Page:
This week was spent working on an interesting bit of Gebrauchsmusik (if I may stretch the term a bit): a guitarist requested a short solo piece suitable for opening solo recitals, and I responded with a piece that literally “tunes up” his guitar for the concert.
I recently employed some scordatura and peg slides in a cello piece, but that functioned more as a “special effect” or timbral modification rather than anything approaching a coherent, integrated premise. Sometimes I like to pick up on a thread that previously played a supporting role in earlier compositions and then develop it into the focal point of a later composition; this being such a case, I began from the assumption that scordatura had to play some central role in the piece’s argument. The idea I arrived at—a piece that tunes up the instrument—was one of several I listed on a big brainstorming envelope. I chose this particular idea for its aforementioned functionality as well as the fact that it was the idea that most revealed a poetic (rather than purely schematic) dimension.
One of the chief joys in taking on freelance gigs involves the chance I get to respond to some element of the commissioner’s personality, programming, and other considerations. So if I know a piece will be used to open guitar recitals, then I damn well intend to take advantage of that fact! If nothing else it’s a great catalyst for generating ideas; but so much the better if I can think up a piece that specifically engages and takes advantage of unique considerations such as (in this case) placement on a program.
There are a great many stories from American folklore about guitarists acquiring supernatural musical ability through a demonic “tuning up” of the instrument. The old Robert Johnson myth of meeting the devil at a deserted crossroads has many forms, but most versions have the same basic outline: an eager learner is approached by the devil, who offers to impart unearthly musical ability unto the young wannabe in exchange for something else (usually a soul will do in a pinch). What interested me about these stories, so central to the blues tradition in particular, lay in the detail of the devil having to modify or tune up the guitarist’s instrument—what a great musical moment! What might that sound like?
I decided that the opening of the piece would have to start right at that first moment of tuning, and start with a bang. I eventually settled on an appropriately demonic, rattling tuning for the guitar, one that made the instrument sound more like a broken-down blues guitar than something that Segovia would have performed on. The opening chord itself is rich and foreboding, utilizing the 6 detuned open strings as well as the high pitches produced by strumming the strings behind the 1st fret, close to the tuning mechanism. This broken-down and ambiguous opening chord is matched by a free, cadenza-like absence of underlying pulse; a steady pulse begins to take shape as the music develops, and the guitarist gradually tunes the instrument back up to standard concert tuning as the rhythm, harmonies, and tone quality all become more steady and folk-tinged. It was a fun creative challenge to find opportunities for the guitarist to retune without intentionally interrupting the development of the music, and I also “built in” tuning checks (for example, including two harmonics produced on adjacent strings that ought to produce a high unison along with time to fidget and make sure that the thing is really tuned up).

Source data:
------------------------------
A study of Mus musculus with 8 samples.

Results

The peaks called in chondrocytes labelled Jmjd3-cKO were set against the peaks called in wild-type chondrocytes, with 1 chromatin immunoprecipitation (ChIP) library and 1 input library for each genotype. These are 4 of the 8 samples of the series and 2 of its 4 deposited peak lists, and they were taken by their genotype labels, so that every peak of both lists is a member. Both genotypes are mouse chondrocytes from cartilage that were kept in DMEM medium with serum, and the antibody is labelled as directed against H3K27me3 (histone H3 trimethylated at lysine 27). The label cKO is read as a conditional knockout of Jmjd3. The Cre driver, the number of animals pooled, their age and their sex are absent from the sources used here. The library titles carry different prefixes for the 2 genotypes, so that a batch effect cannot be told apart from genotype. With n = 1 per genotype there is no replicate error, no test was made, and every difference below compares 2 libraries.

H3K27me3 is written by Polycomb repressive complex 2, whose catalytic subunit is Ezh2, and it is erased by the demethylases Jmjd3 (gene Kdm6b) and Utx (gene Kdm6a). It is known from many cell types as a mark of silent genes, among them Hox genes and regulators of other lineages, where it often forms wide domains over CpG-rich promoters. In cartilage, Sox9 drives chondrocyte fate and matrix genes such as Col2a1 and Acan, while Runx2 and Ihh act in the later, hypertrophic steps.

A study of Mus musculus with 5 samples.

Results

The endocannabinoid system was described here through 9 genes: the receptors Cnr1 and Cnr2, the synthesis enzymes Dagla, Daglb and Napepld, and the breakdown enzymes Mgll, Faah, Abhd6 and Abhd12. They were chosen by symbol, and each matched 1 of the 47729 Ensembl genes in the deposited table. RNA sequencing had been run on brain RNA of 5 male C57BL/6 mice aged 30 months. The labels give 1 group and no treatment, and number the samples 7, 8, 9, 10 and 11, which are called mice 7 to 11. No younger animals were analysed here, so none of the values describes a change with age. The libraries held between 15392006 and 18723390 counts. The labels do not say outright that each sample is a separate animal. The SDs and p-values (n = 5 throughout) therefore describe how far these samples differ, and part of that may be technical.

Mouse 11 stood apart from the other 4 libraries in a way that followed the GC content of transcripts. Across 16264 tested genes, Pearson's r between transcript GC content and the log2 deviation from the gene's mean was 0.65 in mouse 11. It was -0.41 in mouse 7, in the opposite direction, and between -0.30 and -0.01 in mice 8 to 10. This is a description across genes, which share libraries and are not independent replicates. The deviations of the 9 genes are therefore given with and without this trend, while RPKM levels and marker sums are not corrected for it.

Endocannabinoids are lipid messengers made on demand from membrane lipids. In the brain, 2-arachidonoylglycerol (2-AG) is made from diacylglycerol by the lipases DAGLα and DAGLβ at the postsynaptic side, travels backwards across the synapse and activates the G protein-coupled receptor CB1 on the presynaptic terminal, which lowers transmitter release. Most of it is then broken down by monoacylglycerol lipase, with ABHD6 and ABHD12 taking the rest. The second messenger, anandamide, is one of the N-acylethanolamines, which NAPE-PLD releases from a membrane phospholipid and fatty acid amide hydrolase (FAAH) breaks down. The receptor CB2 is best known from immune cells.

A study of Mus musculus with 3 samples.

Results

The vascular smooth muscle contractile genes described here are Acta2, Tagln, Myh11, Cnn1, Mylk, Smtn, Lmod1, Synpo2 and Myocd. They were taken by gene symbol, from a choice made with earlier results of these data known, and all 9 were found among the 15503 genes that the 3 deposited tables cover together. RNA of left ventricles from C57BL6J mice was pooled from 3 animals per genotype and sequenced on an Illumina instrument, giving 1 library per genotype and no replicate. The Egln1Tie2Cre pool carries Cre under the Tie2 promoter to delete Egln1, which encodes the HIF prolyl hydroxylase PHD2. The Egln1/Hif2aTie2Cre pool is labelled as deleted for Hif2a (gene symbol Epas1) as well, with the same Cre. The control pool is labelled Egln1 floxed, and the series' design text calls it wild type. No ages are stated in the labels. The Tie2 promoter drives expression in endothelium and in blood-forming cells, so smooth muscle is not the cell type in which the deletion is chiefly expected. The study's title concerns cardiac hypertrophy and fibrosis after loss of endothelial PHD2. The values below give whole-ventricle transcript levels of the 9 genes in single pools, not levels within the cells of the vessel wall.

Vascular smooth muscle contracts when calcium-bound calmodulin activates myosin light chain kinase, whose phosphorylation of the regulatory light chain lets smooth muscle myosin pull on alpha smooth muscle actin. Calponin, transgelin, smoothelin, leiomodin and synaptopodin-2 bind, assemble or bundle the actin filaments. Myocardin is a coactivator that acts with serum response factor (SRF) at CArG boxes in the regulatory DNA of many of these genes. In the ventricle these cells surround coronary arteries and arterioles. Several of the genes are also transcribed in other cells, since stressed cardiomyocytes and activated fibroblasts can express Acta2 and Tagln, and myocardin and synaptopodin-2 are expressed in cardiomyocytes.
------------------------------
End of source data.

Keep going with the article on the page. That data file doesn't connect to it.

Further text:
I’m not quite done with the piece yet so it will be interesting to see how these ideas wrap up. Still, I’ve already gotten a great amount of joy out of crafting a creative response to a particular performance situation rather than resorting to generating a “generic” guitar piece—in fact when I was younger, I was often so obsessed with writing “my” music that I often failed to see the incredibly satisfying (and free) inspiration in almost any performance situation. Whether we’re writing a piece for a performer who specializes in extended techniques, a unique performance space, or even a fairly mundane performance situation like the opening of a recital, the path ahead is often clarified in the performance opportunity itself.
For me, it’s often helpful to think about a given project having some kind of use or purpose other than just writing good music, as long as this leads to some good music in the process. Maybe that’s one of the reasons I have a hard time writing abstract music with no performers or occasion in mind!